As the temperature in Kashmir decreases in winter, the sales of Kangri - a local parlance for an earthen pot encased in wicker - picks up. Kashmiris use Kangri to keep themselves warm during late autumn and winter seasons, especially in the rural parts. Villagers cannot afford the electric heater so they rely on the Kangri.

The Kangri is a sort of mobile heater. The mobile nature of the Kangri is one of the big reasons that it is so popular in villages. The villagers go to the fields with Kangri inside the pheran (a Kashmir cloak) in winters. In addition, it is used to warm beds, dry small articles of clothi ng, warm milk, burn incense, roast chestnuts or small pieces of meat and light hookahs.

Source: www.koausa.org www.1kashmir.com

Contributed by: Prarthana, CEE Ahmedabad


This gossamer light muslin fabric has found mention in the writings of many visitors to India, even as far back as the 3rd century B.C. A great deal of muslin was produced in and exported from Bengal. Dacca was the main region where cotton was cultivated due to the high humidity of the region, which prevented the delicate thread from breaking on contact with the air. The cotton spun was very white since the Brahmaputra and the Ganges Rivers have bleaching properties. The chikan workers in Bengal used this fine muslin for embroidery.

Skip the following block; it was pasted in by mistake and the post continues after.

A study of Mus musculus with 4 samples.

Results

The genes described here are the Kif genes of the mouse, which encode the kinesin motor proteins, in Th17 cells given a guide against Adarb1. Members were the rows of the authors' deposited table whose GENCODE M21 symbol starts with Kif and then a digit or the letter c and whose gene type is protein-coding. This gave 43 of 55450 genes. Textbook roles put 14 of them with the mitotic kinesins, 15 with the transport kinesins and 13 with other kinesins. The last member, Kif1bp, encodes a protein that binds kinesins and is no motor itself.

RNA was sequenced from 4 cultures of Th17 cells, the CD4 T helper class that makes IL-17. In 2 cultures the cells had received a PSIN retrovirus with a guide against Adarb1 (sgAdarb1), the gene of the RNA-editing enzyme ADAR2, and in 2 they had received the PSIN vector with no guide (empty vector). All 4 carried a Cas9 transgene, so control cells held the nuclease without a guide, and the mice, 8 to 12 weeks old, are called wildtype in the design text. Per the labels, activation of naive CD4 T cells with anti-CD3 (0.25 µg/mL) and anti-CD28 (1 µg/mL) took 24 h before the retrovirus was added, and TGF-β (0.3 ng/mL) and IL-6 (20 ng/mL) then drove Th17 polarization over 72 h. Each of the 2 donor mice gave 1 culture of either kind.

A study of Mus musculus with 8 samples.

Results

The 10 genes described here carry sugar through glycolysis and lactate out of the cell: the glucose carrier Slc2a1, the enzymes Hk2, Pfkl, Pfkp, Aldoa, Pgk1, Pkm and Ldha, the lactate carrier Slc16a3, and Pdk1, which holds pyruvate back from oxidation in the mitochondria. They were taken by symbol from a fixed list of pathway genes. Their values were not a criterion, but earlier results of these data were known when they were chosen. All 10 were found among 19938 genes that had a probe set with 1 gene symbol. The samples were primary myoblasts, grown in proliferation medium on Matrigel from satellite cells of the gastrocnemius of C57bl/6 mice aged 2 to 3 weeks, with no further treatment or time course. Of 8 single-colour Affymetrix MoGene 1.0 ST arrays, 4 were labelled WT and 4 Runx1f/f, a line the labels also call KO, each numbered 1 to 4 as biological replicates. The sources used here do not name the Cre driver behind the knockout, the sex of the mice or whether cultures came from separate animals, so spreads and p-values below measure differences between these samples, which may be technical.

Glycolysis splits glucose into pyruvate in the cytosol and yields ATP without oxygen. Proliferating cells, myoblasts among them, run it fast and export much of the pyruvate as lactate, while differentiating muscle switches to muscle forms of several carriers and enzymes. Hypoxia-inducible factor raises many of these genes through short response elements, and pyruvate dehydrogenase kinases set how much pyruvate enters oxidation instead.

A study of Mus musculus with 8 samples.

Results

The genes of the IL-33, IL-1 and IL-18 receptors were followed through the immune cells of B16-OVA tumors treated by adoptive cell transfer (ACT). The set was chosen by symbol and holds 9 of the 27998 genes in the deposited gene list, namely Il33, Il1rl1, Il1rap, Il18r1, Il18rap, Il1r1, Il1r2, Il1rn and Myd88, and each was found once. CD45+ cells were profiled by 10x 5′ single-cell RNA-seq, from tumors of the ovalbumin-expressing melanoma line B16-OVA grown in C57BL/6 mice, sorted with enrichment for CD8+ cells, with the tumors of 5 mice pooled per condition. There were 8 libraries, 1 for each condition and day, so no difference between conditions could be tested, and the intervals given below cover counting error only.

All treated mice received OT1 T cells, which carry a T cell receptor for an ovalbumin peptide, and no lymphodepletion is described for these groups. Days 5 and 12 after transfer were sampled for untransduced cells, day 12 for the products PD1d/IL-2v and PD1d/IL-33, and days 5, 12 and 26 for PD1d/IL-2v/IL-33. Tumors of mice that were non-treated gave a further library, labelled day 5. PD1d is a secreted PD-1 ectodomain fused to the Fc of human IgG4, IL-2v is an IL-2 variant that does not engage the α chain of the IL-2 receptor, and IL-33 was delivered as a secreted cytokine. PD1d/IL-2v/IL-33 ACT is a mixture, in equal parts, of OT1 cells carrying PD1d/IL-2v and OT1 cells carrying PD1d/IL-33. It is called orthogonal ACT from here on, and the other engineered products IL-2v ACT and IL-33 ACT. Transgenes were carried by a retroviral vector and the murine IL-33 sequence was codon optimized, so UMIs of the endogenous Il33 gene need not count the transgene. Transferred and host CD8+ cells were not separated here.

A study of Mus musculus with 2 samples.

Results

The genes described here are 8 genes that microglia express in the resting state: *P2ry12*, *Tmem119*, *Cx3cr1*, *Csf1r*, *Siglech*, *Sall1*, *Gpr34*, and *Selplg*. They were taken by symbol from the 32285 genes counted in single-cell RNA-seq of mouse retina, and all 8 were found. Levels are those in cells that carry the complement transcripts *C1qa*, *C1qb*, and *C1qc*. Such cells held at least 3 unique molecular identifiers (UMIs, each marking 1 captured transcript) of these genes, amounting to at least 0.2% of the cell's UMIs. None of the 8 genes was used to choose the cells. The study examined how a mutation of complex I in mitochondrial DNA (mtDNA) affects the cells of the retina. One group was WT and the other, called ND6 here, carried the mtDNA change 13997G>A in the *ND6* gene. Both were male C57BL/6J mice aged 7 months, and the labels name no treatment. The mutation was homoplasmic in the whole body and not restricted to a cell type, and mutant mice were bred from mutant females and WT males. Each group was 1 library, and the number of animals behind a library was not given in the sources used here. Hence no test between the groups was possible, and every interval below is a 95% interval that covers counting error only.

Stitches in Chikankari

Double-Star Earring, Peacock Feather's Eye, Sidhual, Makra, Mandarzi, Bulbulchashm, Tajmahal, Phooljali, Phanda, Dhoom, Gol, murri, Janjeera, Keel, Kangan, Bakhia, Dhania Patti, lambi Murri, Kapkapi, Karan Phool, Bijli, Ghaspatti, Rozan, Meharki, Kaj, Chameli, Chane ki Patti, Balda, Jora, Pachni, Tapchim Kauri, Hathkati and Daraj of various types.